Many sports, including baseball, football, tennis golf, track and field, and many others, are comprised of a series of many short performances with breaks of various lengths in between. For these sports, whether between at-bats in baseball, downs in football, or points in tennis, being well-prepared for the first performance is not enough. Competitive routines can be invaluable in ensuring that you are prepared for every performances within a competition. One thing that I found that separates the great athletes from the good ones is their ability to be consistently ready for every performance. By being totally prepared for every performance, you can be sure that you won’t give your opponents “free points” because you weren’t ready.
The time between performances is essential to consistent competitive performance. What you think, feel, and do between performances often dictates how you perform. You must take control of the time between performances to be sure that you’re totally prepared.
I use a four-step competitive routine called the Four R’s. The first R is rest. Immediately after the conclusion of the previous performance, take several slow, deep breaths and let your muscles relax. This is especially important after a long or demanding performance in which you become fatigued and out of breath. It’s also important near the end of a long competition in which you’re tired and need to recover as much as possible to be ready for the next performance. Deep breathing and relaxing also help you center yourself and better prepare you for the next R.
The second R is regroup. This phase of the competitive routine addresses your emotions between performances. Particularly when you are not performing well or the competition is at a critical juncture, you may feel a variety of emotions such as excitement, frustration, anger, or depression. Regrouping allows you to gain awareness of how your emotions are impacting you and, if they are affecting you negatively, to master them so they help rather than hurt you in the next performance. If you are emotional after a poor performance, you may feel frustrated and angry. You should give yourself more time to regroup and let go of the unhealthy emotions. Because of the powerful influence emotions have on your performances, your ability to “get your act together” emotionally between performances may be the most important thing you can do to prepare for the next performance.
An important realization that can make regrouping easier is that performances in a competition are not directly related to each other. In other words, the chances of being successful in the next performance are in no way associated with how you performed in the last performance. For example, a poor parallel bars routine by a gymnast has no direct bearing on how he performs on the pommel horse.
One thing that connects performances are the emotions attached to the last performance. If you’re frustrated and angry about your last performance, you increase your chances of doing poorly in the next performance because negative emotions usually interfere with good performances. In contrast, if you have positive emotions about the last performance, you increase your chances of succeeding in the next performance because positive emotions will make you more motivated and confident which, in turn, will enable you to perform better. Using the time to regroup will enable you to let go of and replace the negative emotions with positive ones or none at all, thereby increasing your chances of having a successful performance.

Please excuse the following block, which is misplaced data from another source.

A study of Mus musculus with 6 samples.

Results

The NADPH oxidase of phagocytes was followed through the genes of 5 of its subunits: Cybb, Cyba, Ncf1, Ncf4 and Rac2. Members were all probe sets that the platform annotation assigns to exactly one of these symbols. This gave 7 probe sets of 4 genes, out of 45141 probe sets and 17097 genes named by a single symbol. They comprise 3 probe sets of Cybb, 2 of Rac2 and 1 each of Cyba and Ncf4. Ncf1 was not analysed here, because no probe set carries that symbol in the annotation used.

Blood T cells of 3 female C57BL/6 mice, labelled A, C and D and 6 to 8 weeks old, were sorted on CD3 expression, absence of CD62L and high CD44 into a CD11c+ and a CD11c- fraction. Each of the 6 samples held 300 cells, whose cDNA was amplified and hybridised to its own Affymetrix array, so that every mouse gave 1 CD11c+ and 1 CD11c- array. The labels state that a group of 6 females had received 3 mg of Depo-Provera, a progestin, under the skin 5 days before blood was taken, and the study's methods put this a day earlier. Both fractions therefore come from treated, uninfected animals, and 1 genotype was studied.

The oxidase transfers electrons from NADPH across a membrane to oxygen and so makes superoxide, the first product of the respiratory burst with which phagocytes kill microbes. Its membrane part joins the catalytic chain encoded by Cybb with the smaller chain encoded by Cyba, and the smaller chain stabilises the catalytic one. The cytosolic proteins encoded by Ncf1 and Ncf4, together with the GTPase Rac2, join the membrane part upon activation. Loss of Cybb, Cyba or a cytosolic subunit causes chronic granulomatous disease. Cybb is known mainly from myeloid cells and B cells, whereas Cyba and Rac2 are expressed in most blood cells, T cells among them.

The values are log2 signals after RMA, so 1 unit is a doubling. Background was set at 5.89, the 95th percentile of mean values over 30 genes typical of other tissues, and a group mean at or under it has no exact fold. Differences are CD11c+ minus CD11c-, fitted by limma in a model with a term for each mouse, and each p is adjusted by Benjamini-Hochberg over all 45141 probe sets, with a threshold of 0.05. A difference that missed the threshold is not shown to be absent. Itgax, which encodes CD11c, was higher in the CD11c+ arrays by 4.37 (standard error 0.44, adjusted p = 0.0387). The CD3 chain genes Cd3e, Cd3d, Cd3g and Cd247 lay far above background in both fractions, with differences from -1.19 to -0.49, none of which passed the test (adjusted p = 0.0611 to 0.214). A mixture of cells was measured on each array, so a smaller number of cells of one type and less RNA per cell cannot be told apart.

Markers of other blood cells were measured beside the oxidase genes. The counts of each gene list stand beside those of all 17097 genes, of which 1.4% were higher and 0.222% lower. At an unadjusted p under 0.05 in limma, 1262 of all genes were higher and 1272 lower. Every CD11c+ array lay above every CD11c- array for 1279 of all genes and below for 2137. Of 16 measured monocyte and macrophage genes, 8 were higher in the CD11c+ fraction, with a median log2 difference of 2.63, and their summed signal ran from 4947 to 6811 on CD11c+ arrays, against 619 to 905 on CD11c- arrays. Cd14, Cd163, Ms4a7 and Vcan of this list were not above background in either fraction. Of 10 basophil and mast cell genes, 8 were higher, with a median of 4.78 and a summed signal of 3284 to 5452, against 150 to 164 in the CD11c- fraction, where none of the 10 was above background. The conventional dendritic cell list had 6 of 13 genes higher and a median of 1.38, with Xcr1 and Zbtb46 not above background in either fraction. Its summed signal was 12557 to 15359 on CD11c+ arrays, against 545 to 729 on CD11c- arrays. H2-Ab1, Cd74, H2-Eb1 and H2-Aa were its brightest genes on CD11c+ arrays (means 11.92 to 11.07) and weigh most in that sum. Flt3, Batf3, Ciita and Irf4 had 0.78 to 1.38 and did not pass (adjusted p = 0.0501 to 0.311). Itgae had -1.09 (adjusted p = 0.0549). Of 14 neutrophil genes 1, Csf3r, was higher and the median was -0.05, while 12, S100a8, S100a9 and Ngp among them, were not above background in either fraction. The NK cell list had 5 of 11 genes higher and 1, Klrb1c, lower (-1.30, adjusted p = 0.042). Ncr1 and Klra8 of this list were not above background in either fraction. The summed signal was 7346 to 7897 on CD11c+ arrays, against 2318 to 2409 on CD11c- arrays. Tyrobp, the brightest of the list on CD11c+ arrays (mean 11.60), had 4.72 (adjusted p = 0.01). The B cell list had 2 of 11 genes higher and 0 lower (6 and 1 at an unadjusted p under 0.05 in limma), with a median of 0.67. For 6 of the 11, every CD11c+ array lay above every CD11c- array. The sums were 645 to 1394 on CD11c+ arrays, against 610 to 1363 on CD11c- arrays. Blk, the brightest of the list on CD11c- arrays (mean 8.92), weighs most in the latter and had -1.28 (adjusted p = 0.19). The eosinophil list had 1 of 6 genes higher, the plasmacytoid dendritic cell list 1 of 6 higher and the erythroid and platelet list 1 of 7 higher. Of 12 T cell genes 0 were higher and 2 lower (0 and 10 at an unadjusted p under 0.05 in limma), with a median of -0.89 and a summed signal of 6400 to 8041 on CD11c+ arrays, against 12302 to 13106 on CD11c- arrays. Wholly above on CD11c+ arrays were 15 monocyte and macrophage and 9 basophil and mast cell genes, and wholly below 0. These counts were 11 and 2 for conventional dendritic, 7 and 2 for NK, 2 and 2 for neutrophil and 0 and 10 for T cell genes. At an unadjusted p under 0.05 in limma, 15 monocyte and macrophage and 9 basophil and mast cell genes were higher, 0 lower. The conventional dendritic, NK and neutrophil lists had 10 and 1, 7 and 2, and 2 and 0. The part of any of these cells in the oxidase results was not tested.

The third R is refocus. There can be a tendency during competitions, especially in pressure situations, to focus back on the last performance or forward on the possible outcome of the competition, none of which will help you perform well. This is a form of outcome focus in which you’re focusing on the unsuccessful outcome of the last performance or the possible result at the end of the competition. When this happens, you need to return to a process focus for the next performance. During the refocus phase of the competitive routine, you should first evaluate your present situation, for example, the score, how you’ve been performing, and tactics. Then, focus on what you need to for the next performance. Your focus may be technical, tactical, or mental. The important thing is to begin the next performance with a clear focus on what you want to do to perform your best at that moment.
The fourth R is recharge. If your body is not prepared, you won’t be able to perform your best. Just prior to beginning the performance, you should check and adjust your intensity. If you need to lower your intensity, you should slow your pace, take deep breaths, and relax your muscles. If you need to raise your intensity, you should increase your pace, take some short, intense breaths, and jump up and down. The goal in this phase of your competitive routine is to ensure that your body is totally prepared to perform your best in every performance within the competition.